PRACTICE ADVISORY:
PRACTICING WITH CHILDREN AND FAMILIES IN MASSACHUSETTS WHERE PARENTS MAY BE SEPARATED, DIVORCED, OR NEVER MARRIED

Adopted July 20, 2012 at a regularly scheduled meeting of the Board of Allied Mental Health and Human Service Professionals

Due to the large number of telephone calls, complaints and other inquires from both licensees and parents in this area of practice, the Board of Registration of Allied Mental Health and Human Service Professionals wishes to advise licensees of the following information related to the practices of licensed mental health counselors, licensed marriage and family therapists, licensed educational psychologists, and licensed rehabilitation counselors (collectively “licensees”) with children and families in the process of separation-divorce, never married, or post-divorce. Given that this policy deals with issues of confidentiality and testimonial privilege, and potential exceptions thereto, licensees are strongly advised to seek consultation from knowledgeable persons, including legal counsel in an appropriate circumstance:

  1. It is very important for licensees engaged in treatment of a minor child whose parents are separated or divorced, or who were never married to each other, to understand the custodial rights that each parent has. Under the law, terms like “physical custody” and “legal custody” have specific meanings that are highly relevant to a professional treating a child.
  2. The child-client whose parents are divorced or in the process of divorce has his or her own confidentiality rights and evidentiary privilege with respect to his or her relationship with the therapist. In other words, a licensee may not divulge the substance of what the child client has discussed either orally or by release of written records just because a parent asks for this information. This information may only be released with a court order or with the signed, informed consent of a mature minor. As stated by the Massachusetts Supreme Judicial Court in the 1987 case Adoption of Diane, “[W]here the parent and child may well have conflicting interests, and where the nature of the proceeding itself implies uncertainty concerning the parent’s ability to further the child’s best interests, it would be anomalous to allow the parent to exercise the privilege on the child’s behalf.” This case law has been interpreted further to mean that confidential information provided by the child in a psychotherapy environment, including a copy of the child’s record, should not be released to either parent or to the court, even with a signed release from one or both parents. Only the court can waive the child’s privilege and/or make a determination as to the release of confidential psychotherapy records, and Probate courts can and do appoint special guardians ad litem to decide this question for a child.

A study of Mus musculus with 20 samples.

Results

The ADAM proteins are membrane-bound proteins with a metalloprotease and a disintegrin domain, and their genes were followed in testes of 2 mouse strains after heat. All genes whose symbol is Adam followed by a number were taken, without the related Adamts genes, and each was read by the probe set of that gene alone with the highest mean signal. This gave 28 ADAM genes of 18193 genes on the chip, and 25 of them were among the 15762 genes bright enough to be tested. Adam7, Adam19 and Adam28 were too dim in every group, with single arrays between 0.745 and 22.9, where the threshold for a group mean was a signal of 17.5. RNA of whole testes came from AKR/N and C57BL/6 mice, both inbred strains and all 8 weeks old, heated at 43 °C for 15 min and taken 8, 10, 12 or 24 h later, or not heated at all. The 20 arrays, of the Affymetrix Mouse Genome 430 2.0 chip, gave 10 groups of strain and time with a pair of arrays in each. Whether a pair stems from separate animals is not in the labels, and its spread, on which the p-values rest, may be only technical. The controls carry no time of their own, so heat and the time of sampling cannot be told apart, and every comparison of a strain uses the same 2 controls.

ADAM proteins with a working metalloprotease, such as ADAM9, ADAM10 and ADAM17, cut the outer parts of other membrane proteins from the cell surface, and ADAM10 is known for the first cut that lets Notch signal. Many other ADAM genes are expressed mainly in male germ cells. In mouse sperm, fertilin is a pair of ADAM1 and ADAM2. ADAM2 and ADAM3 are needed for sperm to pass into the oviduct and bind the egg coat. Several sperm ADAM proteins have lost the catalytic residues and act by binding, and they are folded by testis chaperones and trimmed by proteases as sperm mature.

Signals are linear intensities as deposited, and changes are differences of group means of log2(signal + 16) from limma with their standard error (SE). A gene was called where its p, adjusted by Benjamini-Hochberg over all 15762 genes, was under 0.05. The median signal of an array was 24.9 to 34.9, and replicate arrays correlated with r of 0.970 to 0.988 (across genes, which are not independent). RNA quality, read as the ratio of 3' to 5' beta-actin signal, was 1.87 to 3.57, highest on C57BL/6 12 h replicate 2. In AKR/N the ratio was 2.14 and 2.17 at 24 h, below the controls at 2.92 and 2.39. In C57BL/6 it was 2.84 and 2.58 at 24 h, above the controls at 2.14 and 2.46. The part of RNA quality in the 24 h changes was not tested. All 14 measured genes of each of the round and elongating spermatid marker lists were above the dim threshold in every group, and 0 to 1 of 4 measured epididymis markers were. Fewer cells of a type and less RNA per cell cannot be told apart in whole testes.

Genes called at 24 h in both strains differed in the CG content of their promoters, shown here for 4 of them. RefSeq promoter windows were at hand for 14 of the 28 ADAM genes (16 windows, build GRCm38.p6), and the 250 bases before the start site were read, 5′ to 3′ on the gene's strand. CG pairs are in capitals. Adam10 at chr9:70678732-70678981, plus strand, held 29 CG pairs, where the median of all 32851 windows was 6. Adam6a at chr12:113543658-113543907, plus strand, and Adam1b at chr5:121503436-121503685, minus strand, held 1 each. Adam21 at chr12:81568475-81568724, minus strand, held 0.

3. Child therapists should refrain from initiating therapy with a child without the consent of both parents, unless there are legitimate protective issues relating to the child or other mitigating circumstances. Reaching out to the parent who did not initiate treatment for the child is a best practice that can help the therapist understand all sides of the child’s family situation and protect against being perceived as biased or allied with one parent.
  4. Sole legal custody is rarely awarded in Massachusetts except in circumstances in which one parent has died, there are protective issues, or the parents were never married. In these cases, the licensee should inquire as to the circumstances of the family before deciding whether to reach out to the non-custodial parent for his/her consent and involvement in the treatment.
  5. Psychotherapy and child custody evaluation are two very distinct services with different roles and responsibilities. “[Licensees] conducting a child custody evaluation with their current or prior psychotherapy clients and [licensees] conducting psychotherapy with their current or prior child custody examinees are both examples of multiple relationships.” (Guidelines for Child Custody Evaluations in Family Law Proceedings, 2010). The same individual should not undertake both roles.
  6. A child therapist should not write evaluative reports to lawyers or the court. Factual reports (providing information regarding the existence of the therapeutic relationship) should be provided only in response to a court order and only after legal consultation.
  7. A child custody evaluation is a specialized area of practice. In general, such forensic evaluations are conducted by court order and are assigned to specialized practitioners who have been certified in this area and are on the court’s list of approved providers, known as “Category E Guardians ad Litem.” A comprehensive set of standards apply to evaluative child custody investigations.
  8. A therapist for a parent should not write evaluative reports or make custody-visitation recommendations for use in court. Additionally, therapists should never submit evaluative letters or reports regarding the spouse or partner of their patient.
  9. It is advisable for licensees to communicate to parents prior to initiating treatment with a child, preferably in an informed consent document signed by all parties, that confidential information will not be released to the parent.

Working therapeutically with children in separated, divorced, or unmarried families requires a higher level of expertise, training, and consultation than working with children in intact families. It is good practice, whenever one is in doubt about how to proceed, to seek consultation with experts or with an attorney familiar with this work.